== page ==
The Etiquette of Wedding Invitation Enclosures
Here's everything you need to know about each part of your paper suite.
Deciding on a paper suite that fits you and your spouse-to-be's signature style is tricky enough. Determining just how much information you can actually include, without running out of room, is another issue altogether. Enter invitation enclosures. They're there to help you keep your guests in the know without overcrowding the actual invite and are particularly useful for breaking down the many elements of a wedding.
From RSVP cards and dress code slips to handy maps, the following invitation enclosures are designed to convey all types of wedding information, details both big and small. Some of these slips have been around for quite a while, while others have changed with the times. Despite modern advancements, like wedding websites and paperless engagement party invites, physical suites are still an integral part of the wedding process. That's not to say that you shouldn't convey all invitation information online, but there's just something timeless about sending out a pretty paper suite to all your loved ones.
Here, you'll find everything there is to know about each and every slip you should include in your envelopes. Notes that offer up hotel and transportation information, details about pre- and post-wedding events (like that morning-after brunch!), and change of address news all help your guests as they prepare for the big day and beyond. We've also included the one thing you should never mention on your invitation suite. To find out what it is, and to answer all of your wedding invitation enclosure etiquette questions, keep reading.
In the age of Google Maps, a paper atlas for a single location might seem unnecessary. But when you want to help your guests acclimate to your wedding venue's neighborhood—by sharing the best lunch spot on Main Street, parking tips, or meaningful sites and landmarks—an edited map can be a charming addition. While many online map services will help you make one, a calligrapher or graphic designer can help create a more organic, artistic, and personal guide.
If your reception is happening at a venue other than the ceremony site, a reception card lets you move extra information (like the party's address) onto another sheet. This is especially useful if you're short on room on the actual invite.
Wedding Website Card
Mentioning the wedding website on your invitation is completely acceptable—it's 2018, after all! Place the URL in the lower left corner of the invitation, in the spot traditionally used for noting RSVP information. If your invitation is overcrowded, a business card-sized enclosure is all you need to convey this information to your guests.
Dress Code Insert
Guests always wonder what is or isn't appropriate to wear to a wedding. The quick answer? It all comes down to dress code. Tip them off by adding a line to the lower right corner of the invitation, indicating "black-tie," "casual," or something in between. If the hint you want to give is a little more involved (for example, "wear lawn-friendly shoes"), a separate card might be useful.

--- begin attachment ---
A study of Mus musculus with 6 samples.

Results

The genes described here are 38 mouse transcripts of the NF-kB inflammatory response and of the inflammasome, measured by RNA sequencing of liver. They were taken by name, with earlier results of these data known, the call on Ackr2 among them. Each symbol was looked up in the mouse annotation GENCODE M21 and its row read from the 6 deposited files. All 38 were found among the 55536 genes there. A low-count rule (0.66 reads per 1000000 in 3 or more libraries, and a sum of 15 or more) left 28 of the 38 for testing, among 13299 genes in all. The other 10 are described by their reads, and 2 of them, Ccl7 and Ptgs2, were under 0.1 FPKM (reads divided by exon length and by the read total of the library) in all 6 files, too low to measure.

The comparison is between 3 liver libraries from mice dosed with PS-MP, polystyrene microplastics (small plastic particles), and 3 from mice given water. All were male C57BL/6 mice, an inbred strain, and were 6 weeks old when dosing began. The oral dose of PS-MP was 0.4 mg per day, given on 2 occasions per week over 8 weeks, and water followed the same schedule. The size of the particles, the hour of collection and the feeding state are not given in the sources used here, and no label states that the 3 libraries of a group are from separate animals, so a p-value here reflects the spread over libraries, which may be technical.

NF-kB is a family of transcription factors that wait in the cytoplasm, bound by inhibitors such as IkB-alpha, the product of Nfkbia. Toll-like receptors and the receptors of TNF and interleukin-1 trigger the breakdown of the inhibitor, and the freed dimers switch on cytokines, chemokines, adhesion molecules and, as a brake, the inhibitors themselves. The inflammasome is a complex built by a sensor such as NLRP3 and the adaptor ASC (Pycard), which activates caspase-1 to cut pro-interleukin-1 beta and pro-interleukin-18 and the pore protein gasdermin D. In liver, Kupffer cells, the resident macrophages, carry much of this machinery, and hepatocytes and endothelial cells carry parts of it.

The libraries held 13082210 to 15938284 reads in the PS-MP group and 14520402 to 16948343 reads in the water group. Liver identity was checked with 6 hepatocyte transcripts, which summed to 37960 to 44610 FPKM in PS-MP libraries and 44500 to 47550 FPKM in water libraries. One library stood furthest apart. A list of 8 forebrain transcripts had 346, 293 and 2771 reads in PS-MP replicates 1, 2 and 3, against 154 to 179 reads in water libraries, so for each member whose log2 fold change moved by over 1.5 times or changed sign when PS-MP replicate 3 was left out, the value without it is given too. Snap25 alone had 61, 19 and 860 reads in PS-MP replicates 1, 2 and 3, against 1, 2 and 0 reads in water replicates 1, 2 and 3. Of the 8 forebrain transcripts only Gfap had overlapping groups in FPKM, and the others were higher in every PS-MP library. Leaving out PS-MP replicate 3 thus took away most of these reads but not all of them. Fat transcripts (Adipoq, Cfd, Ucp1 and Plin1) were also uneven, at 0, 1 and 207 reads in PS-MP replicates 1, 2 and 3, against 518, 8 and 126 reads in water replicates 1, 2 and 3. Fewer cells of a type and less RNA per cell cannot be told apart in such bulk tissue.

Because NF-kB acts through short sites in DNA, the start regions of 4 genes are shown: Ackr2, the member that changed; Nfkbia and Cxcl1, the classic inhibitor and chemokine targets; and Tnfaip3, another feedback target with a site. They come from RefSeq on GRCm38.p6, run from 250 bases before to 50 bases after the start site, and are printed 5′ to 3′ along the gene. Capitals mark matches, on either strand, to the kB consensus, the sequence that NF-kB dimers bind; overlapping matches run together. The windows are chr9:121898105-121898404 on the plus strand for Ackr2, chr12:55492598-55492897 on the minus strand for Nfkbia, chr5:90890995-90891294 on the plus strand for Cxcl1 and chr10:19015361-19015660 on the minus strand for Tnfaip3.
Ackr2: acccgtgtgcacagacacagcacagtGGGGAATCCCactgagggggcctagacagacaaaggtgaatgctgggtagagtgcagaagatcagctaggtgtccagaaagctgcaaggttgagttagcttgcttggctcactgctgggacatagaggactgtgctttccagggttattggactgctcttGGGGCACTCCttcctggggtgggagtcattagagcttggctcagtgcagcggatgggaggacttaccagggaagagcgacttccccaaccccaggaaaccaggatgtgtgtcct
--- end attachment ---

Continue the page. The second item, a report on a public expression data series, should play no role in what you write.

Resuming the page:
Hotel and Transportation Card
Locating a hotel (or two!) that's convenient and affordable for your out-of-town guests is a common courtesy. You can pass this research along using an insert card, especially if you've reserved room blocks. You don't need to get into the fine print, just give the basic room rate, plus any relevant contact information. Providing specific travel information to the city itself is generally not necessary. If you want to avoid this enclosure all together, feel free to include these details on your website. Grandma, who's not so tech-savvy, can get the scoop directly from you.
Notes About Other Wedding Events
If you've planned extra events for all the guests, it's a good idea to include this information in your paper suite. Be sure to add these enclosures only to the invitations of guests that are invited to each respective event to avoid any awkwardness. The same rule applies to including details of pre- and post-wedding celebrations to your wedding website. Unless every single guest is invited to the rehearsal dinner (unlikely!) or the morning-after brunch, refrain from posting publically.
While many couples give guests the options of replying online, these cards are still a common element of the invitation suite. The style of your RSVP note is up to you—we're all for a cute postcard!—but just be sure to include a self-addressed envelope, complete with postage, to expedite the process. Give attendees a deadline to encourage timely responses.
At Home Cards
Since a change in marital status is often accompanied by a change of address (and in some cases, a change of name!) this small card is a way to let people know how to contact you—and how to address you—after the wedding. You may also want to include your new home phone number, e-mail address, and website, if you wish to share them.
What to Omit from Your Invitation Enclosures
Even if your stationer provides them, it's considered poor etiquette to include cards that contain information about your registry (or to call out your gift list in any other way on the suite). Include a wedding website enclosure card instead, where guests have access to registry information. You can also ask family and friends to spread the news when people ask—word of mouth never goes out of style.